Healthcare analytics is gradually becoming more user-friendly thanks to advancements across the vendor community that prioritize real-time insights.
But with healthcare organizations still straddling the line between fee-for-service payments and value-based care reimbursement, analytics companies are largely focused on helping providers bridge that gap, according to a report released by Chilmark Research. Currently, most analytics vendors incorporate an equal mix of EHR and claims data, but in the not-too-distant future that software will rely on a much wider variety of data sources like patient-generated data, mobile technology and social determinants of health.
“The amount and variety of data, as well as its value, is set to grow dramatically in the coming years,” Brian Murphy, an industry analyst with Chilmark, wrote in the report.
Some companies are more prepared than others to take on that challenge, based on grades Chilmark gave to 18 different healthcare analytics vendors. Some notable takeaways from those ratings:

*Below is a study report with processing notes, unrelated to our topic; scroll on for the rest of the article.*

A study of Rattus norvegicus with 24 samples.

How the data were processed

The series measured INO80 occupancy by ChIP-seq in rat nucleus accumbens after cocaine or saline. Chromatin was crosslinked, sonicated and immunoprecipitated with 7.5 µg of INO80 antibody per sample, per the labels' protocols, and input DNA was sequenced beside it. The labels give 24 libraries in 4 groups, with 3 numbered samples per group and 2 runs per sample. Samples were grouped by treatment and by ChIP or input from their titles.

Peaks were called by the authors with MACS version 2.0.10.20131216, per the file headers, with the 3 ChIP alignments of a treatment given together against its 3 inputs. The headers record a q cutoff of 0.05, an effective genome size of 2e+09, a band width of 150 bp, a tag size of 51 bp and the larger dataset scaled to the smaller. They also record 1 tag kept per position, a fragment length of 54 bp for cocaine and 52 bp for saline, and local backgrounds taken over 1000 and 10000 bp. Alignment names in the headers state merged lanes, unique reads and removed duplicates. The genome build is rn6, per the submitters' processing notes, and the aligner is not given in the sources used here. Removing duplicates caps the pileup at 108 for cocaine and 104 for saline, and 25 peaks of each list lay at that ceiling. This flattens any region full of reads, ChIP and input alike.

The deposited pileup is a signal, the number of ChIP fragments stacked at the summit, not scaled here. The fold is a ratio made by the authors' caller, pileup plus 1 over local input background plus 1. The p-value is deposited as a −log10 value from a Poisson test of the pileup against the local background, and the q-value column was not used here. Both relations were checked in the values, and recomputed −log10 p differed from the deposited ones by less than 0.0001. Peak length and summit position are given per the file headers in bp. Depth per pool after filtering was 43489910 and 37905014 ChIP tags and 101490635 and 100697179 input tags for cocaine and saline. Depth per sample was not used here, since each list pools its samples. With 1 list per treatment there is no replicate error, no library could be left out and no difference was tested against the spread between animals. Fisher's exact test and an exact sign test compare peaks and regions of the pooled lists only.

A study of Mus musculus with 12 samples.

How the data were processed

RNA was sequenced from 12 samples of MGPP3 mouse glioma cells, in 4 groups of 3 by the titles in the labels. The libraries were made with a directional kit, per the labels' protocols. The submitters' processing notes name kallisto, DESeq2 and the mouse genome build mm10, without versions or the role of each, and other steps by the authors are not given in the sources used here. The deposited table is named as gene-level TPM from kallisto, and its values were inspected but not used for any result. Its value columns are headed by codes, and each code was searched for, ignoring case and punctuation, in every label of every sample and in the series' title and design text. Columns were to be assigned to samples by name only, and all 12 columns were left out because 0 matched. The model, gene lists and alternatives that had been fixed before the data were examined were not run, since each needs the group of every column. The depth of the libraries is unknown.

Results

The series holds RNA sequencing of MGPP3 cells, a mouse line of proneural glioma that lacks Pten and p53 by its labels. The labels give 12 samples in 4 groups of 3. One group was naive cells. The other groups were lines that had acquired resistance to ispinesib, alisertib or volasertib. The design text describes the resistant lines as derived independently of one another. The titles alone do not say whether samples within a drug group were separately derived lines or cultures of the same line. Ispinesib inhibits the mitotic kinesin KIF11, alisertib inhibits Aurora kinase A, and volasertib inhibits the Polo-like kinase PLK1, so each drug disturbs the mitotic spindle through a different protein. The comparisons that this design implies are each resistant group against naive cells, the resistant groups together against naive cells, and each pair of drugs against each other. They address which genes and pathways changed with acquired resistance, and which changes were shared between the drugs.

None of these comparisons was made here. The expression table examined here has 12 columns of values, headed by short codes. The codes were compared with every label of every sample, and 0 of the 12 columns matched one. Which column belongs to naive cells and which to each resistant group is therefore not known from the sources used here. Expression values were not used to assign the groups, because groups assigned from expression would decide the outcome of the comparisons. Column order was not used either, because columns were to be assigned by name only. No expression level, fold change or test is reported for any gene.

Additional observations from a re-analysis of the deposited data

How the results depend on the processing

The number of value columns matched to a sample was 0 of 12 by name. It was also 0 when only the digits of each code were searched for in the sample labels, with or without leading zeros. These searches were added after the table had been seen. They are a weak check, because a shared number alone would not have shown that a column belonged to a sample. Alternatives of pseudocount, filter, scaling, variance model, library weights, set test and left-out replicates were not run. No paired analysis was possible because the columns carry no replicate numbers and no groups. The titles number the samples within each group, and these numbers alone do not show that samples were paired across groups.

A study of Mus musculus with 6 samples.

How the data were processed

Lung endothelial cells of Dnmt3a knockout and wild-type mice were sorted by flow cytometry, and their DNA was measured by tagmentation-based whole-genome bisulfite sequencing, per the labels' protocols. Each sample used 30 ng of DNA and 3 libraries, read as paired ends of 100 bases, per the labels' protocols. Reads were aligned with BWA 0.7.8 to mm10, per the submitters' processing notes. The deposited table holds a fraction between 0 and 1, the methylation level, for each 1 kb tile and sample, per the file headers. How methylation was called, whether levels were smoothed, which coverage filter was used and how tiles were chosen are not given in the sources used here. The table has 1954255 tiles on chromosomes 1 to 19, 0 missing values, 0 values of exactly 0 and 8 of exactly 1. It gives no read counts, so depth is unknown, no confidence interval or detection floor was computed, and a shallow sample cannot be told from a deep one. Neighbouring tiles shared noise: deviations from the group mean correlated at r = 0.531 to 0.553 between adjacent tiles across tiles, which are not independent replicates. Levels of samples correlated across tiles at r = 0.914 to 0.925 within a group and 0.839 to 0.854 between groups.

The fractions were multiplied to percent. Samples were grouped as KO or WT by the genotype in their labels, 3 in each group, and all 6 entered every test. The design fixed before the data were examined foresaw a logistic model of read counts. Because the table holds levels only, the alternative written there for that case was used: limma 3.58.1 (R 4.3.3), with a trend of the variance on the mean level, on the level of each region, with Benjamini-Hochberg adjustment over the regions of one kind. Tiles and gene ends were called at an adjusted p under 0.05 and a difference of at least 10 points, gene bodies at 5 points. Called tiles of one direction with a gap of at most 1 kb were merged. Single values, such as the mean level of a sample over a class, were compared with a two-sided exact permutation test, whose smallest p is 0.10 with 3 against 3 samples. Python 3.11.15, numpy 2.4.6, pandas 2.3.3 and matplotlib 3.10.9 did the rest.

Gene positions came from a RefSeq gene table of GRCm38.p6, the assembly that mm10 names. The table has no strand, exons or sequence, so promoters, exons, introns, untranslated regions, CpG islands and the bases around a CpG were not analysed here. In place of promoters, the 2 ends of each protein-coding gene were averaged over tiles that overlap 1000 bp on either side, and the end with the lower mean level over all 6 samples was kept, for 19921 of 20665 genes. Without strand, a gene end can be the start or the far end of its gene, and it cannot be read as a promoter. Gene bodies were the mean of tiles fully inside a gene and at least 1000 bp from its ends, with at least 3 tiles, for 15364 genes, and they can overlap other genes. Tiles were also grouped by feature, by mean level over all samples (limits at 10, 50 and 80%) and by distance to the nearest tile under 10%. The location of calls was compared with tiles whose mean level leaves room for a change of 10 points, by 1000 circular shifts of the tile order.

- Cerner and Health Catalyst are leading the way when it comes to current product capabilities, with an A-minus rating. HealthEC and Epic were close behind with a B-plus rating.
- Advisory Board, Allscripts, Conifer, eClinicalWorks, MCIS and WellCentive were in the bottom half of vendor rankings based on current capabilities, with grades ranging from C-minus to C-plus.
- IBM Watson Health appears to be well situated for the future of healthcare analytics. The company got the highest marks for product vision with an A-minus. Health Catalyst, athenahealth and Cerner each received a B-plus.
- Advisory Board, Conifer and eClinicalWorks each received a C for product vision.
Aside from the traditional vendors, insurers are advancing analytics that can contain costs and improve care. In June, Oscar launched a machine learning tool to get useful data in front of physicians, and Humana CMO Roy Beveridge, M.D., has said he sees the insurer as a data analytics company “more than anything else.”